Lots of people have been talking about the poems in Tolkien’s works lately. I think Olga started it, with a characteristically delightful discussion of elf-song in The Hobbit. Alan of The Prancing Pony Podcast has posted a pondering about “The Road Goes Ever On”. On Twitter, Olga and I discovered that we both sing the poems, though not out loud if anyone else can hear.
Here are some of the tunes I use, for the sake of provoking argument. They’re arranged in order of increasing embarrassment at my congenital lack of solemnity.
Hymn to Elbereth: Princess Leia’s Theme
The tempo fits. It doesn’t feel wrong to stretch the name “Elbereth” over half a measure. And I love the idea of elf-voices as french horns.
Bombadil’s Song against the Barrow Wights: Estuans interius
From Carl Orff’s Carmina Burana. Of course everything Tom says can be sung to the same tune, and I love Morwen Thorongil’s composition for when he’s in a good mood. But when Bombadil is out to destroy, he needs something darker. Strangely enough, the 12th-Century satirist Walter of Châtillon who wrote “Estuans Interius” was like old Tom, in that he used the same meter for almost everything.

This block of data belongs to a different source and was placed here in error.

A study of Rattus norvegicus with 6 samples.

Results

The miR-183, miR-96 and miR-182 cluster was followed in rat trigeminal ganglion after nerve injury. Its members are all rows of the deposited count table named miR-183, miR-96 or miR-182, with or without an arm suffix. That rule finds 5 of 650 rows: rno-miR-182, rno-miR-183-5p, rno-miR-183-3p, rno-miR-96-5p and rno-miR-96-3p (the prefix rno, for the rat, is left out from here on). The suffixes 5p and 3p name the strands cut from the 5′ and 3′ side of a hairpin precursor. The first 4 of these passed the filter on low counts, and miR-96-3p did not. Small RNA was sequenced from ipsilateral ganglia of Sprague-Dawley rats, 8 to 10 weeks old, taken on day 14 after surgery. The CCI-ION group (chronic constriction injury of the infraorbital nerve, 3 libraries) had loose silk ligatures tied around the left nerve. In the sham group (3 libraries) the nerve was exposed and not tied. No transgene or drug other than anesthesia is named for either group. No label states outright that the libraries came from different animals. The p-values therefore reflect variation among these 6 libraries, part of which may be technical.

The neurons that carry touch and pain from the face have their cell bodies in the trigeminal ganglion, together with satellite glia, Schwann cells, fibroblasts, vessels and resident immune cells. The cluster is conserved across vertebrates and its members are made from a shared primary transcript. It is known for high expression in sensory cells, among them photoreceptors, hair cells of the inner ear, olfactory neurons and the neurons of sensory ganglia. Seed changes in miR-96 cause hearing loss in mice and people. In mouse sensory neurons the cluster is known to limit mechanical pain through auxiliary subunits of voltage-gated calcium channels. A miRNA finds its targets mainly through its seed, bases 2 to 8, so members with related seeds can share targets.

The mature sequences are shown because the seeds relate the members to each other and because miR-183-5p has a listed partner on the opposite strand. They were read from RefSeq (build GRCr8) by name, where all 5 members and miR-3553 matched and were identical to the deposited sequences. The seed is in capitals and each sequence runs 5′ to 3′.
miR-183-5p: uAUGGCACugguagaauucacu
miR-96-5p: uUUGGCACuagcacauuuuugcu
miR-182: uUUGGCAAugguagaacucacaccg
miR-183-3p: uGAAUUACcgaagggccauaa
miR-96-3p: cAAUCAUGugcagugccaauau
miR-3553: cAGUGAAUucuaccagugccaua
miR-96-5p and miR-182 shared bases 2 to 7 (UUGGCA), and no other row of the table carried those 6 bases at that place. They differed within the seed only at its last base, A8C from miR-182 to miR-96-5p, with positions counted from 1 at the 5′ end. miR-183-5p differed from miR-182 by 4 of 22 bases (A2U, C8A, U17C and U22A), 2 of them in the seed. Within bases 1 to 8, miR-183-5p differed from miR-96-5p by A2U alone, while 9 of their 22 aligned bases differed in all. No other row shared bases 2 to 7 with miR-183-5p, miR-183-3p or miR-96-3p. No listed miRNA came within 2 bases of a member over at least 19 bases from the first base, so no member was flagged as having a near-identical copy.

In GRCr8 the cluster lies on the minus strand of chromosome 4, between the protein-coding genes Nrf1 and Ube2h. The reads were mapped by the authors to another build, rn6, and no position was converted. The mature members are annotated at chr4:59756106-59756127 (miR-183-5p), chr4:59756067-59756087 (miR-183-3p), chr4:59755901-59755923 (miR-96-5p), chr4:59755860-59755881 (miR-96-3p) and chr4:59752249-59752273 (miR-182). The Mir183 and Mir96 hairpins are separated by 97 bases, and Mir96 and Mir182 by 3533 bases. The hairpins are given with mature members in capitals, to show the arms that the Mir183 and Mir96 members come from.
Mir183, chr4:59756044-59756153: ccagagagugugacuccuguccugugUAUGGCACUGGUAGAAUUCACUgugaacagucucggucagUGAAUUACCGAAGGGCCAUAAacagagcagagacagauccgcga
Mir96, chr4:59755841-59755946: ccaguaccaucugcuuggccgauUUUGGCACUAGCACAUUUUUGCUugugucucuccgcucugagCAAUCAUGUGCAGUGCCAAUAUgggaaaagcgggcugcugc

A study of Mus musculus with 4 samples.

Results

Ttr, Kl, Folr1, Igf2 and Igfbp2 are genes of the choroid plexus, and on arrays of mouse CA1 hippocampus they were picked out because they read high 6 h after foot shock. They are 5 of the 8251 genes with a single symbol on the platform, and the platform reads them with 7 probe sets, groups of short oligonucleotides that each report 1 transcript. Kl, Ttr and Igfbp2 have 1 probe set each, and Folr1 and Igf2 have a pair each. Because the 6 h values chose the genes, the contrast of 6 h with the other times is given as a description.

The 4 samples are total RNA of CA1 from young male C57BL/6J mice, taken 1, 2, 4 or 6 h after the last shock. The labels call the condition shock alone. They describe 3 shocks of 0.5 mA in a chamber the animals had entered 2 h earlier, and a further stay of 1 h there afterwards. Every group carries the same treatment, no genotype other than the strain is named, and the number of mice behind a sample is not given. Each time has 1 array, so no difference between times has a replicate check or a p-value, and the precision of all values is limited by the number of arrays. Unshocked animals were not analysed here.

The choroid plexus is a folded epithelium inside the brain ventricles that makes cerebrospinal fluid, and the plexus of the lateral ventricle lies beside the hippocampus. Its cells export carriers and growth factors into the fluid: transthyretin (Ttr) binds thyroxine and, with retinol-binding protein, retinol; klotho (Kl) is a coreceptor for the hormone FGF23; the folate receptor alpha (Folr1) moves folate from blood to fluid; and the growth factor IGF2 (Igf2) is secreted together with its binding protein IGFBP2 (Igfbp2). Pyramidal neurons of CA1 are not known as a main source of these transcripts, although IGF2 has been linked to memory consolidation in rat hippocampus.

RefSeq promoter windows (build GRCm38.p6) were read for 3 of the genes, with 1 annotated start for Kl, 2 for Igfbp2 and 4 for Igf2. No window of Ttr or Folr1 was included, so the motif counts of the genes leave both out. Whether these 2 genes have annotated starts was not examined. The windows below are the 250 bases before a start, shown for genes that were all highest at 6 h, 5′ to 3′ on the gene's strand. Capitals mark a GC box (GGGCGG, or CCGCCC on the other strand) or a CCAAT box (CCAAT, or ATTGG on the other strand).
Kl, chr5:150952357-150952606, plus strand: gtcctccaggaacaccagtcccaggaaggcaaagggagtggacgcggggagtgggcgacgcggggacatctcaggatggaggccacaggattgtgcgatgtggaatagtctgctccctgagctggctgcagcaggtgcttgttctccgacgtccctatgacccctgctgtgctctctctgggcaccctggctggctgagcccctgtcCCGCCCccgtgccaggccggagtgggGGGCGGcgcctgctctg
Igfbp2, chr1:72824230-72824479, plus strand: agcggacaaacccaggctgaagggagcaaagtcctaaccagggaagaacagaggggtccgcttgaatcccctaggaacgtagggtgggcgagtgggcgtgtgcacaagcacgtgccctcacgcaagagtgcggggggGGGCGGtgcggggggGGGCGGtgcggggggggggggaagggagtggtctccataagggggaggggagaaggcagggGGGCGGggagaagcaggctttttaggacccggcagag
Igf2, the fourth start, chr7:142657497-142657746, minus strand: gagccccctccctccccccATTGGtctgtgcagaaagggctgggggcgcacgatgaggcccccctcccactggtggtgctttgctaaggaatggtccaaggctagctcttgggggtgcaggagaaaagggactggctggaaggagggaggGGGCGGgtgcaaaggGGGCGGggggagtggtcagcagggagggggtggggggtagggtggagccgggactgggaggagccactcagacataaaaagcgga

Errantry: Sir Arthur Sullivan’s The Major General’s Aria
from Pirates of Penzance, of course. You can use this for “Earendil was a Mariner” too, with a little twisting, but it doesn’t work so well.
Legolas’s song of Nimrodel: “Nadine”
Corey Olsen likes to take a line from Legolas’s song as an example of a perfect line of iambic meter:
Amroth beheld the fading shore / Now low beyond the swell,
And cursed the faithless ship that bore / Him far from Nimrodel.
Against which I’d put Chuck Berry’s heptameters:
I saw her from the corner when she turned and doubled back
And started walkin’ toward a coffee-colored Cadillac
The worst of all: Namárië
Ai! laurië lantar lassi súrinen (singin’ ooh wah diddy, diddy dum diddy do)
yéni únótimë ve rámar aldaron! (ooh wah diddy, diddy dum diddy do)
Yéni ve (yéni ve)
Yéni ve lintë yuldar avanier…
and that’s when the paramedics arrived.